Switching to Concierge Medicine: Pros and Cons

Some physicians suffering from chronic underpayment are turning to alternative payment models to increase profits.

One such model is concierge medicine, sometimes called “retainer” or “boutique” medicine, whereby patients pay an upfront fee in order to secure the services of a physician.

It used to be that only physicians in affluent areas used the concierge model, but times have changed. Physicians with a variety of patient bases are starting to practice concierge medicine.

Could concierge be the way to go for your practice? Today we’ll look at the pros and cons of switching over to the concierge model.


More Time for Patients
This is the most frequently stated benefit of switching to concierge medicine. The upfront fee, usually monthly, allows you to bring in more revenue per patient. Because of this, most concierge physicians can cap their patient base at around 300 or so with no loss of revenue.

Concierge medicine keeps you from having to rush patients in and out of the examination room.

Cut Overhead
By charging an upfront fee, much of the billing and collections procedure can be bypassed depending on the services included with the fee. For instance, you can choose to have standard visits covered by the fee. That way, if a patient comes in a few times in one month for standard visits, only a single monthly fee is collected.

The cuts are even greater if you plan to bypass insurance entirely, as some concierge practitioners do. By having patients simply pay the fee and then pay directly per service, you can do away with coding and collections staff.

Switching to concierge medicine means your practice can be targeted to meet your community’s needs.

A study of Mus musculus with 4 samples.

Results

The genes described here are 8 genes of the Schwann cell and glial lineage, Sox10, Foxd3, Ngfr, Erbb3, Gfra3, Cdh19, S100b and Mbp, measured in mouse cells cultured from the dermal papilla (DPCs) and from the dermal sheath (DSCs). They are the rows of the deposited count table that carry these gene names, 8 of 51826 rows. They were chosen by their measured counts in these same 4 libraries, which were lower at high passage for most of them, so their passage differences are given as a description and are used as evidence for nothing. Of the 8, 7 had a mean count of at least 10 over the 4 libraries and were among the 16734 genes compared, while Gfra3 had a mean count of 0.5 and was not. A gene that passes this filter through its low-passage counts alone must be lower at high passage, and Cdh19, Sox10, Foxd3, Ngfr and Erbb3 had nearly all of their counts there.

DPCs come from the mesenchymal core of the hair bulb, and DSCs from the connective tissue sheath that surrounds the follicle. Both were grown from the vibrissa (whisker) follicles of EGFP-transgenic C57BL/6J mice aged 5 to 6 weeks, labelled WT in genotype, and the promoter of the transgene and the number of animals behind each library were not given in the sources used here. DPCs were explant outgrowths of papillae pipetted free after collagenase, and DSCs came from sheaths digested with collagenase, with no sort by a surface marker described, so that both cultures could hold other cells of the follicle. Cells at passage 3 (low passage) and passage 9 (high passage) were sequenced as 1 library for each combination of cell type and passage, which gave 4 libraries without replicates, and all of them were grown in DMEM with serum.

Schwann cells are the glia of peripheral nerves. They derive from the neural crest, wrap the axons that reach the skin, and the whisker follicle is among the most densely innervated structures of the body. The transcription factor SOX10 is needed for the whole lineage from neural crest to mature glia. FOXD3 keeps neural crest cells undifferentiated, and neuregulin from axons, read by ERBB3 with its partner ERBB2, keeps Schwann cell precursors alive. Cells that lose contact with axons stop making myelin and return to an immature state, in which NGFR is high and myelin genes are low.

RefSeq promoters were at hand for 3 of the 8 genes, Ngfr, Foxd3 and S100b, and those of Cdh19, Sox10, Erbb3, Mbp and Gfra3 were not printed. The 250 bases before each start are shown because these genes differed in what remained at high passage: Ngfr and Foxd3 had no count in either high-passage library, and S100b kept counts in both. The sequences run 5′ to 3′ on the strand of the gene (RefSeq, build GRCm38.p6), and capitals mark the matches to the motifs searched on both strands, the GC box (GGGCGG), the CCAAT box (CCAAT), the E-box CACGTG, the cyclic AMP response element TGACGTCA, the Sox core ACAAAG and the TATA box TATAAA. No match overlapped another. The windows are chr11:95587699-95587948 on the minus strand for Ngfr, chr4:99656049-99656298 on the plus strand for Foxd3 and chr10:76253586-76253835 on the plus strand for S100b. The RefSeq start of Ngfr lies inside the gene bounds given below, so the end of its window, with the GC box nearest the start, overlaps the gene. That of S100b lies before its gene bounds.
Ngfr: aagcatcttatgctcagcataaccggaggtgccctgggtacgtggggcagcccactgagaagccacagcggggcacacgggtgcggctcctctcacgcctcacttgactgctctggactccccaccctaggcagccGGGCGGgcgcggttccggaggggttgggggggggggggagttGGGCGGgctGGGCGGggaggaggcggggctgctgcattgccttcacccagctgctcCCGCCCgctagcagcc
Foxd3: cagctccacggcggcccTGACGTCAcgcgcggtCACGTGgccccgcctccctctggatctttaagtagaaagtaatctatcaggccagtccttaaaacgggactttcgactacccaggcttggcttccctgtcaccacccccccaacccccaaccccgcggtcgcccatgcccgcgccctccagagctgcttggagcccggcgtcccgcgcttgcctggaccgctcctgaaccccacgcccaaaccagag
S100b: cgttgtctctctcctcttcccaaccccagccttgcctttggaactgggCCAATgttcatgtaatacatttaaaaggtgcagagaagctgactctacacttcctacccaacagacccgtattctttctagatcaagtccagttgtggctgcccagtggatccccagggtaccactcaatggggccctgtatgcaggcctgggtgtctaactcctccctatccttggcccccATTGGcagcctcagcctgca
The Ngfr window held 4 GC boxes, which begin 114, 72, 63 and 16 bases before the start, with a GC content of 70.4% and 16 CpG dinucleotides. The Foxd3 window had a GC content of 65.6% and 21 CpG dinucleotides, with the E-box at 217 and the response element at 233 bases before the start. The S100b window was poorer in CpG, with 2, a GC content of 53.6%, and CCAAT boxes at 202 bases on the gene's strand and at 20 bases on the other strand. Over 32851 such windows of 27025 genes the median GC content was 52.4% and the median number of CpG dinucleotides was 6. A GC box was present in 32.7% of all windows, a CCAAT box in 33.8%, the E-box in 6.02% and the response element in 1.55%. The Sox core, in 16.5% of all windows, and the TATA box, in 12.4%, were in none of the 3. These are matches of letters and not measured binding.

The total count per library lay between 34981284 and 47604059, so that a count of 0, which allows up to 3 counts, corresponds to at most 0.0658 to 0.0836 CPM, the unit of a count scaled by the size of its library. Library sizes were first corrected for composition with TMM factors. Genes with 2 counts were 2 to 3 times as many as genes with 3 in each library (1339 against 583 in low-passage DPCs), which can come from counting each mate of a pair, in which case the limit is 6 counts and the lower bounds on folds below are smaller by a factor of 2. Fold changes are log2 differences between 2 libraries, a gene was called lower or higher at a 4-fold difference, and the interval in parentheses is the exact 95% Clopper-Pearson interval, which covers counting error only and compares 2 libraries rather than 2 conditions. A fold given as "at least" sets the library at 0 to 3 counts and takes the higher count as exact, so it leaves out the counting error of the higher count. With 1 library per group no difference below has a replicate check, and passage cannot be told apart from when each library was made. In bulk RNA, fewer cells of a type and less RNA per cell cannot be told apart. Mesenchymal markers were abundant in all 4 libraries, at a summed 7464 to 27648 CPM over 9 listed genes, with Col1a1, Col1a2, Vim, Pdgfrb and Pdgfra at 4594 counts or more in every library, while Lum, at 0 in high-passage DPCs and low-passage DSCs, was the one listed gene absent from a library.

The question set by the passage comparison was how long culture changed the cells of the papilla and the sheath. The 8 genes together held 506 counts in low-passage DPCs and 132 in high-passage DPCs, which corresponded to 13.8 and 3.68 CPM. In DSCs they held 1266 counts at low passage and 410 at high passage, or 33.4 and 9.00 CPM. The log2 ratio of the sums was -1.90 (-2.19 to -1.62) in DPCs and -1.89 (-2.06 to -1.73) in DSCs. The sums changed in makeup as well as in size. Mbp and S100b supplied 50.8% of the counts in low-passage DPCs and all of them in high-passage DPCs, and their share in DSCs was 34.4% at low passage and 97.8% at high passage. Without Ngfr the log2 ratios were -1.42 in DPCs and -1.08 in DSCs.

If you’re practicing in a high-income area, your community might be willing to pay a higher fee for the extra care and features of concierge medicine. In contrast, if you practice in a lower-income area, you can charge a low fee like Dr. Rodriguez of San Antonio who targets patients who couldn’t normally afford healthcare.


Loss of Patients
This is the primary problem with switching to a concierge medicine. Many patients are used to the standard model of healthcare, and transitioning means you risk losing these patients.

In one study, physicians switching over to a concierge model from a standard model only kept 12% of their patient base on average. The study didn’t discuss how many patients those physicians eventually gained because of the switch, but that’s still a huge initial loss to take.

Fewer Patients, Higher Expectations
Seeing fewer patients doesn’t necessarily mean more time out on the golf course. And giving patients more time with you when making visits won’t be enough to get them to pay an upfront free for your services.

Patients seeking out the concierge model of care expect to receive the added benefits most concierge practices provide. These include things like 24-hour physician access, availability for house calls and the physician’s cell-phone number.

Although you should have fewer patients, they may take up even more time requesting the special services concierge practices provide.

Risk of Pricing Error
One of the risks inherent in adding any type of fee is that you may get the pricing point wrong. And just like with any business, doing so means you’re less likely to be profitable. Your product in this case is the expert medical care you provide.

Set the upfront fee too high and you run the risk that your community looks to cheaper solutions to their healthcare needs. Set the fee too low and you still have to take in the same number of patients you do under the standard model, eliminating one of the primary benefits of switching.

As you can see, concierge medicine can take your profitability to the next level or create substantial losses. With this in mind, would you ever consider switching your practice over to the concierge model?

For additional insight into practice management, take a look at our Complete Guide to Practice Management.